By Matthew Spieler
San Antonio—As the economy picks up steam members of the Alliance Flooring network were encouraged to take control of their destinies by being the driver and making a difference.
The days of just hanging a sign and having people come in are over, noted Ron Dunn, co-CEO of Alliance. “You need to drive to it; it doesn’t come to you.”
With many members of the network’s buying groups—CarpetsPlus Color Tile, Carpetland Color Tile, Floorco and CleanTouch Pro—reporting a strong quarter for the first time in years and projections for the rest of the year looking bright, he said the focus of this year’s convention was to have members understand in order to drive business in this new economy it means doing things your competition is not doing and being accountable for the things you and your business does.
Part of that means to get outside your place of business and be more involved in the local community, Dunn explained, part of it has to do with going above and beyond what is expected, part of it has to do with being an effective leader and surrounding yourself with talented people. Put simply, it involves accepting things have changed and committing to changing you and your company in order to succeed in the post-recession world.
In this new economy Dunn told the audience, “Don’t sell flooring, sell yourself. If they like you they will buy from you.”
Jeff Henderson, marketing consultant, pointed out since the recession, people have been asking, “How can we find more customers?” On the surface it makes sense but the problem with this question is, “there is such a thing as the wrong customer and just as many businesses die from the wrong customer as they do from too few.”
The question, therefore, should be, “How do we get more of the right customers?” He said the difference between them is “The right customer pays full price, shops more often and tells others about the business; the wrong customer undercuts the business, shops only when there is a sale and tells others about the deal, not you.”
To find how to get the right customer, Henderson said to look outside your industry. “Chick-fil-A studied Ritz Carlton, not McDonald’s.” What you will find is the successful businesses employ a relational strategy, not a transactional one. “We sometimes forget business is about people, they are real, they are not a sale. Your competitor may match your product and price but not you.”
Keynote speaker and former baseball MVP Dale Murphy emphasized one of the best ways to make a difference is to go back to the fundamentals.
Using examples from his all-star career, he pointed out three things that hold true in any profession—don’t quit, as you never know what will happen; swing hard in case you hit it, which is basically having the attitude of always giving it your all and going for it, and have good relationships, a fundamental thing in all walks of life, treating people with the Golden Rule.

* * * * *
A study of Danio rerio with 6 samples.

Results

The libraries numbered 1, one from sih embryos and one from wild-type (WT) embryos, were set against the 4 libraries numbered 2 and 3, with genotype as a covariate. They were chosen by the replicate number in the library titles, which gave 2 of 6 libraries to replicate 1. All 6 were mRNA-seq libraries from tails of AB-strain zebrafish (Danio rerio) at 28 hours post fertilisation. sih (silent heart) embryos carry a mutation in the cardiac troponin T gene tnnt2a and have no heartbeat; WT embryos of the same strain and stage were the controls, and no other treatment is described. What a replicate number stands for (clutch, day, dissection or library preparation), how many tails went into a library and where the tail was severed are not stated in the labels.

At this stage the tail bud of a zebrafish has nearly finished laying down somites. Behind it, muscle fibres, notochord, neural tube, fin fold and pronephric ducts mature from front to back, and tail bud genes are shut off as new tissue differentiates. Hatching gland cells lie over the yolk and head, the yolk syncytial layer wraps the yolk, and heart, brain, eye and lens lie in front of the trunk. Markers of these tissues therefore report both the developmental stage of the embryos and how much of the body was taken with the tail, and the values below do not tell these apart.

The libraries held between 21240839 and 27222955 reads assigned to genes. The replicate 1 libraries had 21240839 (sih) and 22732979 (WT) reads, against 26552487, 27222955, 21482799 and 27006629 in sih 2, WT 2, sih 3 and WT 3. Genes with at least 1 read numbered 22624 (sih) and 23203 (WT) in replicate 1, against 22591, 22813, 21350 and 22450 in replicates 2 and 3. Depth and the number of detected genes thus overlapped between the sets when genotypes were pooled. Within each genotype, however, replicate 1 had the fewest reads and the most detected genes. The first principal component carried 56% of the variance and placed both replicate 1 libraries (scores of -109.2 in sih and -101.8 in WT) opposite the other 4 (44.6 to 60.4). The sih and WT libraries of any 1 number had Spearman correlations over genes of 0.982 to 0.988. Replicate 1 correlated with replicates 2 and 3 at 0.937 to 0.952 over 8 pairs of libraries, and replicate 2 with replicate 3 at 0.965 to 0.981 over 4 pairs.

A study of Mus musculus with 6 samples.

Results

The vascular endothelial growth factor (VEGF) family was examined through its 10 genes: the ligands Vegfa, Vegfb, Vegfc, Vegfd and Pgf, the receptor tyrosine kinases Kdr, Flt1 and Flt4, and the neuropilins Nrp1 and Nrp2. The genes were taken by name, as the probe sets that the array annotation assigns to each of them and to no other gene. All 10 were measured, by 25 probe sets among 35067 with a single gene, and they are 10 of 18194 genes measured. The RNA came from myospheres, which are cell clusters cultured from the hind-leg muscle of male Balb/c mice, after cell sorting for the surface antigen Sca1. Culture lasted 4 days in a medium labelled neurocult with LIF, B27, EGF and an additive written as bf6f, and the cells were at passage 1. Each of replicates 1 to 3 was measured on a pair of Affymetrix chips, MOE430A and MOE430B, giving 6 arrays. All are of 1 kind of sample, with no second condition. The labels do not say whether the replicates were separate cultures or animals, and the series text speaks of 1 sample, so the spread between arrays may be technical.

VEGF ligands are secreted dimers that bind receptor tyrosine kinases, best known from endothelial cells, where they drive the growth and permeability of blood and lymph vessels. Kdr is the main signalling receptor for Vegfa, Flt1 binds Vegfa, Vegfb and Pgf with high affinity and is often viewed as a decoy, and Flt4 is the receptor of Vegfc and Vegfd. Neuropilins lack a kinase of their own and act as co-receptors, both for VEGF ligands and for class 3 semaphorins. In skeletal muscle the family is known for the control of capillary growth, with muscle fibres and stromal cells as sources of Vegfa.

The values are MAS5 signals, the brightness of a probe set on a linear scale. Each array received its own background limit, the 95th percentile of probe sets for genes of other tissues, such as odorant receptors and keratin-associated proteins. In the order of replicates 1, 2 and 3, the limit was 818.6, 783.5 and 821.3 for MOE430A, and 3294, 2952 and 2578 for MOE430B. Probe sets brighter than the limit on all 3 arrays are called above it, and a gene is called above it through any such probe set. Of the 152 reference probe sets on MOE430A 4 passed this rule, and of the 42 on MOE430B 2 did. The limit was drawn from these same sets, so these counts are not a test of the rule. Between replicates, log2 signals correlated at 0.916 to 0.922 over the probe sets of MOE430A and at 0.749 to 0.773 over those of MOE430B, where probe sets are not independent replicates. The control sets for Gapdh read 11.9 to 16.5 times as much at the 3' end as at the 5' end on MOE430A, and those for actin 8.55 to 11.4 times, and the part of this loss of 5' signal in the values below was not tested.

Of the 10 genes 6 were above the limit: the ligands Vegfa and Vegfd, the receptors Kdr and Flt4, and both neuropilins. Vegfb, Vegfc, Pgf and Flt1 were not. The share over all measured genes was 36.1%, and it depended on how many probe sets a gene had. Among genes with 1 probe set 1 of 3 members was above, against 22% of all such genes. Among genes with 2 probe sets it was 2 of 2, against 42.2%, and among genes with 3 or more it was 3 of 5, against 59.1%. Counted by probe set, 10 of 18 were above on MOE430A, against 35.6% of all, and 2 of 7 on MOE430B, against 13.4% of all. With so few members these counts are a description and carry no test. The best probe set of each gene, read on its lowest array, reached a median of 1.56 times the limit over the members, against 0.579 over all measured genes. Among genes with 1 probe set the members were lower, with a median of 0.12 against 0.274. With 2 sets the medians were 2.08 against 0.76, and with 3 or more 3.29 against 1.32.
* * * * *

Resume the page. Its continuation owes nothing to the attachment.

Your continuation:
With sessions on leadership, providing superior customer service and taking cues from those who are successful, attendees were given plenty of ammo to make a difference. On the topics of leadership and sharing best practices, Alliance has started to compile a book of “Proven Ways,” strategies and programs members have employed to add to their bottom lines. Given to all attendees, Dunn said the book is a “living” document that will be regularly updated with successful ideas directly from members.
When it came time to do business, both suppliers and members responded. Dunn said sales from the Rush Hour event were up 33% over last year and based on initial reaction from the trade show, “Everyone is excited. There is a great deal of optimism from both the members and suppliers.”
Fred Giuggio, vice president of Formica, agreed with Dunn’s assessment. “The dealers are more positive. They’re also more focused on their business and not the boxes. A couple of years ago there was a lot of pouting, now they are focused on their business and growing it their way. We had a really good Rush Hour, which tells me the stocking dealers are excited and have had a good reaction today.”
Mary Young of Howard Young Flooring in Milton, Fla., said the convention “fired her up” and “between the motivation we get from here and what we have on the books back home, we’re really excited about the rest of the year.”
Others, such as Josh Elders of Gainesville CarpetPlus Color Tile in Gainesville, Fla., were excited about the numerous soft carpet options, such as those featuring Invista’s new TruSoft fiber. “It’s incredible how they have been able to make these products so soft yet still be durable.”
Curt Schultze, Invista’s director of national accounts, noted, “We’ve seen a lot of interest from members in TruSoft. Most everyone has bought the displays from Shaw and Dixie—the two mills currently licensed for TruSoft.”
Shaw’s John Godwin, executive vice president of sales, added, “We’ve been very busy all day. TruSoft is our featured display and just about everyone has taken it on. Everyone is really upbeat and focused on getting ready for the spring.”